We are pretty certain that in about 10 odd years, autonomous driving is more or less going to be a reality! As developers the key goal here is to, create a fundamentally different relationship with cars and driving in general.
Major car companies have predicted this transition over the years and few of them have been reacting to this change with the same degree of urgency. A few months back, BMW hosted its Innovation Days at its technology office in Chicago, where the company showcased the current state of its connectivity services and laid out its vision for the future.
Over the years and after much permutations & combinations BMW has decided that it wants to retain full control over the in-car experience and not outsource this feature to another tech firm. Although the company offers assistance for the Apple Carplay, it has no intentions of supporting the Android Auto anytime soon. But BMW firmly believes that its job as a premium brand is to serve its customers the best experience and owning that segment is the best way to move forward.
“We work with the latest and greatest technology and tools with the goal of integrating our product, our cars, with the digital lifestyle of our customers,” BMW’s VP of Digital Products and Services Dieter May said during a small press dinner ahead of the event. “We think our cars need to play well with [our customers’] digital lifestyle.”
BMW now has close to 150 people operating from its Chicago office, which aligns with its other tech offices based at Shanghai, Tokyo and Mountain View. The core of this Chicago team switched over from Nokia when BMW acquired Nokia’s software team. This core team has had its fair share of experience in mobile, cloud and internet services which has turned out to be a blessing in disguise to build and customize this experience.
“What we do here is something that’s new in the automotive industry,” May said. “We established a new way of working. We have challenges, of course, because we have long vehicle cycles, whereas the internet industry and the consumer electronics industry is very fast. So we need to build that bridge. This is part of our goal here. Also, the software life cycle and the tools that are being used in the automotive industry are different from the ones that are being used in the digital world and the internet industry. But that’s why we brought cloud technology, cloud expertise into this company.”
On the contrary it might seem easy for BMW to adopt existing platforms like CarPlay, but thats not how the company works. Instead it is pairing up with the likes of Microsoft to help them bring new additions into its cars. For now its just the basics like your car’s infotainment systems displaying your appointments and mails. Although none of them would display a Microsoft logo when you would use them. The idea here is far deeper and perhaps work with other partners too; yet retain the feeling of interacting with BMW directly, not a third-party service.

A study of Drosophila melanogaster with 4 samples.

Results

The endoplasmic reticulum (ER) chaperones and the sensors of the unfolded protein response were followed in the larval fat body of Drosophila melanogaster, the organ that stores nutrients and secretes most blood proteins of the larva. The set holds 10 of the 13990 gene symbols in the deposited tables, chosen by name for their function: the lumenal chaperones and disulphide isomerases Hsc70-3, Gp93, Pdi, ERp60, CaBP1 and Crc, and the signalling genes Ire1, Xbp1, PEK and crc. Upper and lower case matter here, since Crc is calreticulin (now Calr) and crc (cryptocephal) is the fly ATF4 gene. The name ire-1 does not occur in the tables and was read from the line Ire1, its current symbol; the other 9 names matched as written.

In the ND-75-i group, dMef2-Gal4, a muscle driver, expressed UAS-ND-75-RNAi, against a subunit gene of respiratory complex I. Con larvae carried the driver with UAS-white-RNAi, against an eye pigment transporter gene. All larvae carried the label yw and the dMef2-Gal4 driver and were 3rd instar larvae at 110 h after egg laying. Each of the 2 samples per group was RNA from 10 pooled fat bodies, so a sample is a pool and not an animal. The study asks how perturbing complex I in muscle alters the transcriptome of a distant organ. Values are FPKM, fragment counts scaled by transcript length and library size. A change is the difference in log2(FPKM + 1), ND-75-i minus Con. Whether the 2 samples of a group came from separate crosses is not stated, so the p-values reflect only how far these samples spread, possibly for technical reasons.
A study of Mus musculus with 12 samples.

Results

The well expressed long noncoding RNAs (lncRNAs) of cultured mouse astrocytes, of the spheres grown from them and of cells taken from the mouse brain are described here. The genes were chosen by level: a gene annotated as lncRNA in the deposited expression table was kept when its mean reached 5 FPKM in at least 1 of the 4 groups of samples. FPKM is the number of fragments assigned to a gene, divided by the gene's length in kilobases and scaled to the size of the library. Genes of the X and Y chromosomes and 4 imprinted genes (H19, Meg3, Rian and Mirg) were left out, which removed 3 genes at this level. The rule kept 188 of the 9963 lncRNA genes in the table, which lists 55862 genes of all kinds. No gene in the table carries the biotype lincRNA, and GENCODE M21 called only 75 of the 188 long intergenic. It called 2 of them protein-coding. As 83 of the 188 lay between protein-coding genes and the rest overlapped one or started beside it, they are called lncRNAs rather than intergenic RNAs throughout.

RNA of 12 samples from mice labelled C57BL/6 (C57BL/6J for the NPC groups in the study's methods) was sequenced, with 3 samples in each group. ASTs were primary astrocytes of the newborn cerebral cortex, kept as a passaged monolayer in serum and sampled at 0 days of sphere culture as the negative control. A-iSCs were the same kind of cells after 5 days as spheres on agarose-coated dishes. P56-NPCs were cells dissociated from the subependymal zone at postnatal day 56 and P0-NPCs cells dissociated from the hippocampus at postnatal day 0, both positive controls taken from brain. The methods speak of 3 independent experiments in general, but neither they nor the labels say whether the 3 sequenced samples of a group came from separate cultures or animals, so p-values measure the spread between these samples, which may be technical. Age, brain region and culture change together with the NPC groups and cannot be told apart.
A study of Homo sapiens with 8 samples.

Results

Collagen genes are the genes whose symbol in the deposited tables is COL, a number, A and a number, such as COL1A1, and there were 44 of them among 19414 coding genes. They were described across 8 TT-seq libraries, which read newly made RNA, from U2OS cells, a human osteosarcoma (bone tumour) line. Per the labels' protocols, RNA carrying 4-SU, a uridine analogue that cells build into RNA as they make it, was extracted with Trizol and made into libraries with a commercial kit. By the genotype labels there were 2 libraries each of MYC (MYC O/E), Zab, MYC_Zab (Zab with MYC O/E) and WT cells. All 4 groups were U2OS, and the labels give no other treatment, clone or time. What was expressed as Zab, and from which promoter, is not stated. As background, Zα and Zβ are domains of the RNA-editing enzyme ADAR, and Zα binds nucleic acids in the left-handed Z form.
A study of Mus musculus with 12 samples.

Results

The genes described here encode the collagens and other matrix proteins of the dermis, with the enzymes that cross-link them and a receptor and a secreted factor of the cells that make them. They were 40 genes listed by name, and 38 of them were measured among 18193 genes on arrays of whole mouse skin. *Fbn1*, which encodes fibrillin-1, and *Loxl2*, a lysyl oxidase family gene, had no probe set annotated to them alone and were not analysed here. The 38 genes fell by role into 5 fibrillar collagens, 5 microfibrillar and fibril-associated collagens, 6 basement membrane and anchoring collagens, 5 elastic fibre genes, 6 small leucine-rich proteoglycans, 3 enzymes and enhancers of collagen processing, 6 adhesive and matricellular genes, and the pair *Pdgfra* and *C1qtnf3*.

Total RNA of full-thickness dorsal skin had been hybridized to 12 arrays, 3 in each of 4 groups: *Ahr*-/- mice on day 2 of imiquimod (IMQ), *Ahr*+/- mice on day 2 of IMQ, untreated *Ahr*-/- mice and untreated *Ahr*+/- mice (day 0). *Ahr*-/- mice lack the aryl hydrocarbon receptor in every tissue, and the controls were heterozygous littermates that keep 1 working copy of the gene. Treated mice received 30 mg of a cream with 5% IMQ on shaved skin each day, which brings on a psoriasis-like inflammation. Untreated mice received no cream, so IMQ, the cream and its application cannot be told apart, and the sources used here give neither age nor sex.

That also means that the company is looking at how it can integrate voice assistants. The idea of integrating “Alexa” or “Hey Google” doesn’t really fit in with the concept of a premium brand. It’ll be interesting to see how BMW and others will handle this because drivers will want to be able to use their favorite personal assistant in their cars, too.
Currently, BMW runs its global operations from three Azure data centers (one each in the U.S., Europe and China). It integrates its core services with those from third-party vendors, too. Those include the likes of Weather.com for — you guessed it — weather data and Twilio for sending reminders to a driver’s phone, for example. On top of that, BMW also makes heavy use of Azure’s reporting features and Microsoft’s Power BI charting tool.
In addition, though, BMW also still runs its own legacy data centers, mostly for handling customer accounts. Those systems work well for the time being. This BMW-owned infrastructure also handles remote service commands to its cars. Some BMW workloads also run on AWS, but it’s unclear what exactly those are or if the company is only using AWS as a fallback or for development and testing.
Make no mistake, all of this work and the features they enable are great, but the company is doing this in preparation for the arrival of fully autonomous cars. When that happens and drivers can suddenly use their drive time for productivity and entertainment, that’s a huge market that suddenly opens up.
If as a car manufacturer, you don’t own your relationship with your customer, then somebody else will. But in a future where car ownership may look very different, that’s where companies like BMW will be able to make a lot of money. The smart players in this space know that, which is what’s driving companies like BMW to become software shops in addition to car builders.